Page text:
Google has taken down the Assistant-integrated AutoVoice Action again, for the second time in a year. This time, the company claims the action "promotes content that advocates hate or violence or promotes discrimination," apparently because someone in Germany stringed together a clearly custom command that made the Assistant spout off some hate speech.
Android 11 introduced a nifty new interface for controlling media playback that lives among the quick settings tiles rather than the notifications. In it, there's also a button that allows you to choose the sound output (which has actually been around since Android 10). At the moment, it's only populated by your phone's speakers and bluetooth sources, even though it seems like adding Chromecast-enabled devices would be a no-brainer. It looks like Google thought the same, but it will have to be implemented by every single media app out there.
Fans of Google's so-called Material Design should take note of today's news. AP alum Liam Spradlin is resuscitating Google's Material blog as its new Editor. Today alone, eight new posts were published (more than went up in the last two years), covering subjects from color and typography to shape and transitions, written in terms both developers and design enthusiasts can appreciate and use — ideally, to help make better apps.
Qualcomm has just announced a slightly souped-up successor to the Snapdragon 730G. The new 732G sports a faster 2.3GHz maximum clock on its so-called "Prime" cores, and somewhat enhanced GPU performance. It might only be an incremental improvement (as its model number implies), but an as-yet-unnamed POCO phone will be "globally" powered by the upcoming chip.
Android Studio is the main SDK for developing Android applications and games, and it has a built-in device emulator for testing projects across a wide range of hardware setups. Google just released a massive update for the Android Emulator with improved support for foldable devices, performance enhancements, and a few bug fixes.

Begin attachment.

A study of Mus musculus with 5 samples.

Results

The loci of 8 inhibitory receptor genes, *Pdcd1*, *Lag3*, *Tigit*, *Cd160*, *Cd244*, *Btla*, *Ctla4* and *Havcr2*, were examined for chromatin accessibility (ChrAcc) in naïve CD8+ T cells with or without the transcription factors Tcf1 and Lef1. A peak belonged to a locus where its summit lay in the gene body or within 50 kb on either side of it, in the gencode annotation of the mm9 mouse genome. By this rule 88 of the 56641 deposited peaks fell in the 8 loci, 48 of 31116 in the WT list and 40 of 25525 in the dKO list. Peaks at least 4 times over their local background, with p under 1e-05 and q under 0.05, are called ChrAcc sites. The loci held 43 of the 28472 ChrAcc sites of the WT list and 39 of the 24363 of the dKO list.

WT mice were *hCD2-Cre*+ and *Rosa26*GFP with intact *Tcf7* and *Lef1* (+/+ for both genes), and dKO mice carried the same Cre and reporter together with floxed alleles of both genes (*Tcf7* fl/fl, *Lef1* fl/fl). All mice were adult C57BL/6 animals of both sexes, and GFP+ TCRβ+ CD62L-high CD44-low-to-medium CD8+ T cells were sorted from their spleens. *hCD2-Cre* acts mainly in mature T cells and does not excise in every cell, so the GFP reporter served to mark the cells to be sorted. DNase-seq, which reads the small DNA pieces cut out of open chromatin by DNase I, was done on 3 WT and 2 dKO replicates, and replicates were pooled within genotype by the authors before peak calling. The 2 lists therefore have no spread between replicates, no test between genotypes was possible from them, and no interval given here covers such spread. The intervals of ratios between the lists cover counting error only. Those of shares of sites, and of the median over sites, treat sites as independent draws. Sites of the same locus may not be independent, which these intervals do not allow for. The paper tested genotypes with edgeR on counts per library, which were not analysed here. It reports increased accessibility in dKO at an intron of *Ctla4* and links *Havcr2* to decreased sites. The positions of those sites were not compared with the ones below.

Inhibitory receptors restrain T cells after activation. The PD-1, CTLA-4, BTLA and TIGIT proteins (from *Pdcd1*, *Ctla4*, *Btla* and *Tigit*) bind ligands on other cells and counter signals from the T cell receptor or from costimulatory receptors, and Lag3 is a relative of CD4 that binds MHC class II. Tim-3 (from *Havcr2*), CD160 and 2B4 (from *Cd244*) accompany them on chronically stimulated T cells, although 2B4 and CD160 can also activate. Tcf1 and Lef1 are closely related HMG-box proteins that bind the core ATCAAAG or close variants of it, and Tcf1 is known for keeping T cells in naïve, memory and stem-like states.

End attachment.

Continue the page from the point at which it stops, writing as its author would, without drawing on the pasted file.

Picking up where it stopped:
New Android releases always bring exciting new features to the table, but every once in a while, a beloved feature gets reworked or removed altogether. That's no different for Android 11, which made it more cumbersome to grant apps the permission to install APKs, requiring a restart of the application in question up until at least Developer Preview 4. While that requirement is still present on more recent builds, the situation is now slightly improved: when apps are programmed correctly, they'll restart the latest activity, making the experience as smooth as possible.
Platforms live or die on the backs of developers, without which we wouldn't have apps or services to run on them. Microsoft had that figured out years ago, and Google has learned all about it when it comes to Android. Now Google is stepping up its efforts when it comes to developing for (and on) Chrome OS, highlighting Chrome OS's new customizable Linux terminal, while also announcing support for the Android Emulator on select Chromebooks and a whole new website for ChromeOS developers, plus a handful of smaller changes.
Android has offered native autofill since Android 9 Pie, but despite that being an official method, actually filling out passwords and addresses is sometimes wonky, and phones often need a few seconds to recognize password entry fields. Google wants to improve that experience with Android 11 and has introduced a new autofill method that integrates with your keyboard, be it Gboard or a third-party app.
In our modern world where anyone could be a hacker (even a Florida teen), it's important to keep our data secure. Google has been pushing its 2-Step Verification program as a way to make sure it's really you logging into your account. Now, the company has announced that 2FA will be mandatory for new users of the Google Play Console soon and existing users with high-risk permissions late this year.
Amazon is working on something called "Alexa for Apps," a new feature that will better integrate the company's smart digital assistant with the apps on your phone via voice commands. And we don't just mean asking Alexa to start an app, we mean further passing details from your question or command to the app itself.